Also, through the teachings of the Church, the powers of evil (through Satan) were considered the cause of much that was wrong in society. The fear and superstition caused by lack of education to fully understand this teaching, caused people to believe that individuals could call upon the devil to work in their favor.
There was also some influence on this belief in the remains of pagan/nature religions. These were often made a part of Christian belief, and seen as evil.
Keep in mind, that the belief in witchcraft is still popular today. It is not a mainstream belief, but there are individuals who practice whats known as "wicca" and there are stores and websites devoted to the study of this "craft". The belief that people can control an uncontrollable world can be very tempting to some. And the ability to explain away the unfortunate - the death of a young child, the misbehavior of a teenager - can also be tempting. The strong religious beliefs at the time made witchcraft - Devil association - the likely outlet for such needs.
However, the belief in witchcraft was not as widespread, particularly in England, as some would suggest. Even the characters in the book has some hesistancy regarding the "witches" they meet. Superstitious Macbeth is so eager for power that he responds instantly to the "prophecy", but Banquo is amused and disbelieving:BANQUO: Were such things here as we do speak about?(95)
Or have we eaten on the insane root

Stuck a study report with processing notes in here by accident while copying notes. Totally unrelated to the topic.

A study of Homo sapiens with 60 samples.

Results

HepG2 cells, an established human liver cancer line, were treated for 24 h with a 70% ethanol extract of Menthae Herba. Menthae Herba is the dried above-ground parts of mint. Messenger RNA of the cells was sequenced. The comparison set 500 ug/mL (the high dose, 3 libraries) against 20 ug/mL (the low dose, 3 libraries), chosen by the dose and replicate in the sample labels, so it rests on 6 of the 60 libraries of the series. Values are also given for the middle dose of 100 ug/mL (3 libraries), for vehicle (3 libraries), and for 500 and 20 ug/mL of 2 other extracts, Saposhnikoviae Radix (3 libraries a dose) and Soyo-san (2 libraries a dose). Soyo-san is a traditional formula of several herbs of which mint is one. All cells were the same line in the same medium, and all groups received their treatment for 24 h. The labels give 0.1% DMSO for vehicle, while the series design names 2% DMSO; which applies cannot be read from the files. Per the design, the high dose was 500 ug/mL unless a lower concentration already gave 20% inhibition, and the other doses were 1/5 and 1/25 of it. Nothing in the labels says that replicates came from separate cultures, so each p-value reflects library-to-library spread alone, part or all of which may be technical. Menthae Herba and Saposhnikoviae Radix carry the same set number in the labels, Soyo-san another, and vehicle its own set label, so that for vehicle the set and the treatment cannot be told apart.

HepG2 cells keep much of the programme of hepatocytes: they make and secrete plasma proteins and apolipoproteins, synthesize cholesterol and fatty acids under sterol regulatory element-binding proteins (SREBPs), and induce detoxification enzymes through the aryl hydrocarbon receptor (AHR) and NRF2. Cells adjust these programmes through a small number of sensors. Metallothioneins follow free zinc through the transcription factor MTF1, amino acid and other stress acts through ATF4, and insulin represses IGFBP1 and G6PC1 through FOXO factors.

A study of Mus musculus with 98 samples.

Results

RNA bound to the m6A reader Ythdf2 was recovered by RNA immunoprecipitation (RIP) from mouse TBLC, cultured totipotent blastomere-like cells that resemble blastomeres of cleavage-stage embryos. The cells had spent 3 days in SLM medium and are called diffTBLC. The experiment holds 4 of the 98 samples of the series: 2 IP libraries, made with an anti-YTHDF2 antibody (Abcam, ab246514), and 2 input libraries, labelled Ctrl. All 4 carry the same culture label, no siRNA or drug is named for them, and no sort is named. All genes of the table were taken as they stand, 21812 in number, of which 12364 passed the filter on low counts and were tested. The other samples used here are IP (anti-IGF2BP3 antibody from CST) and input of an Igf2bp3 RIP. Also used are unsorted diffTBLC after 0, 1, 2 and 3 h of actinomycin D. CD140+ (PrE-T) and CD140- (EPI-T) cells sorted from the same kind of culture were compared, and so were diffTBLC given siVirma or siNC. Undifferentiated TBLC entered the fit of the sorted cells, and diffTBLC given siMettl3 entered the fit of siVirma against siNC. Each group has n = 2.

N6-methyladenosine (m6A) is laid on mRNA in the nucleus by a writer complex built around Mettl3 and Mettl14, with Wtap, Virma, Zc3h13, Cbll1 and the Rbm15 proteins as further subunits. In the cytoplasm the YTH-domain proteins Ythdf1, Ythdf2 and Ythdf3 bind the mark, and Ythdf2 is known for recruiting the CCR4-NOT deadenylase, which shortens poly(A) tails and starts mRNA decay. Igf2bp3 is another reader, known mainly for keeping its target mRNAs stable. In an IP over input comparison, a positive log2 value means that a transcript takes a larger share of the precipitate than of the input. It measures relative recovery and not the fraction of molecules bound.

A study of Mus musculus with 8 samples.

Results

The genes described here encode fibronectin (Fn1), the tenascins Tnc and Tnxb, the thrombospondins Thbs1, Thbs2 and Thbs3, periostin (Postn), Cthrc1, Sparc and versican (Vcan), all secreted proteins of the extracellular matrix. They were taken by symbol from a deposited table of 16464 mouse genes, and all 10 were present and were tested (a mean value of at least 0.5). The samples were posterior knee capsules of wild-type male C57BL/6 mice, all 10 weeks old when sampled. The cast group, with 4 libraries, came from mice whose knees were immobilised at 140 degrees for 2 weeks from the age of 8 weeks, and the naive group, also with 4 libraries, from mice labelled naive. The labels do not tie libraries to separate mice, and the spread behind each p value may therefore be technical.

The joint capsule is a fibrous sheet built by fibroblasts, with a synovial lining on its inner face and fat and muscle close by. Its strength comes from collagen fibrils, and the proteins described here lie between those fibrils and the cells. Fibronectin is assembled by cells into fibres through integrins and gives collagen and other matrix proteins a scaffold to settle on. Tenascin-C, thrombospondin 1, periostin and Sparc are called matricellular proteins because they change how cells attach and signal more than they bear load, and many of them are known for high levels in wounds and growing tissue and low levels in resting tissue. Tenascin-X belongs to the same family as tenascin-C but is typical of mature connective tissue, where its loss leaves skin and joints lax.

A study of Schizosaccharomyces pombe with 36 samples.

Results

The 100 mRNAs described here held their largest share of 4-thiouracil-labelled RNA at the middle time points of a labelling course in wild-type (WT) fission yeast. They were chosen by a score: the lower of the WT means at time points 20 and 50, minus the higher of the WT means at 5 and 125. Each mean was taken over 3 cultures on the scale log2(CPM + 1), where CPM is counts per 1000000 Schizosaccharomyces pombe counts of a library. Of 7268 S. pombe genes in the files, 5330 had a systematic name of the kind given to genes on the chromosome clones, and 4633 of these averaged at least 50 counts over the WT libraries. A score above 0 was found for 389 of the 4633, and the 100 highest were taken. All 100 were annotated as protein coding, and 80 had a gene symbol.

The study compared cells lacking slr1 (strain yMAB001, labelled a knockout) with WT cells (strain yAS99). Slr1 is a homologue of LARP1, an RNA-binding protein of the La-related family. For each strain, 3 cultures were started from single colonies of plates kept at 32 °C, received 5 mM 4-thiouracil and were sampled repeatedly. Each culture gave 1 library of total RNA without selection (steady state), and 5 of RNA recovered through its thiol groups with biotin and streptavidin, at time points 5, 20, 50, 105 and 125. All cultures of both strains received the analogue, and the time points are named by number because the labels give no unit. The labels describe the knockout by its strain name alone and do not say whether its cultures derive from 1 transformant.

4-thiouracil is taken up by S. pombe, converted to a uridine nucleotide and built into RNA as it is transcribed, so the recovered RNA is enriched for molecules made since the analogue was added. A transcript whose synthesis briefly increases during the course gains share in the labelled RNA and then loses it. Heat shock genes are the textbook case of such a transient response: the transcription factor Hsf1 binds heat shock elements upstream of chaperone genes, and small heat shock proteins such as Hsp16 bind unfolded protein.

That takes the reason prisoner?
Banquo is asking, teasingly, if he and Macbeth have taken some drug that has caused them to halluncinate. He doesn't buy what he has seen and heard.
This was true in much of England. Witch persecution was much less prevalent in England than in the rest of Europe, at least until King James I took over. James was infamously superstitious and scared of witches.
I think you will find this review that I wrote a couple of months ago very enlightening: Witches and Jesuits: Shakespeare's Macbeth. http://www.enotes.com/blogs/book-blog/2008-07/witches-and-jesuits/
If you are able, pick up a copy of the text. It will help you understand how integral witches are to the play.
heyy, im going to be doing a verbal assessment at school about Macbeth and was wondering if you could tell me why Shakespeare's contemporaries and a modern audience find Macbeth an ingaging Tragic hero ?
People did believe in witches, but as you can tell they were also afraid of them. Witchcraft is fun for us in modern times, and clearly there was a certain amount of fun in it in Shakespeare’s day, but there was also more fear.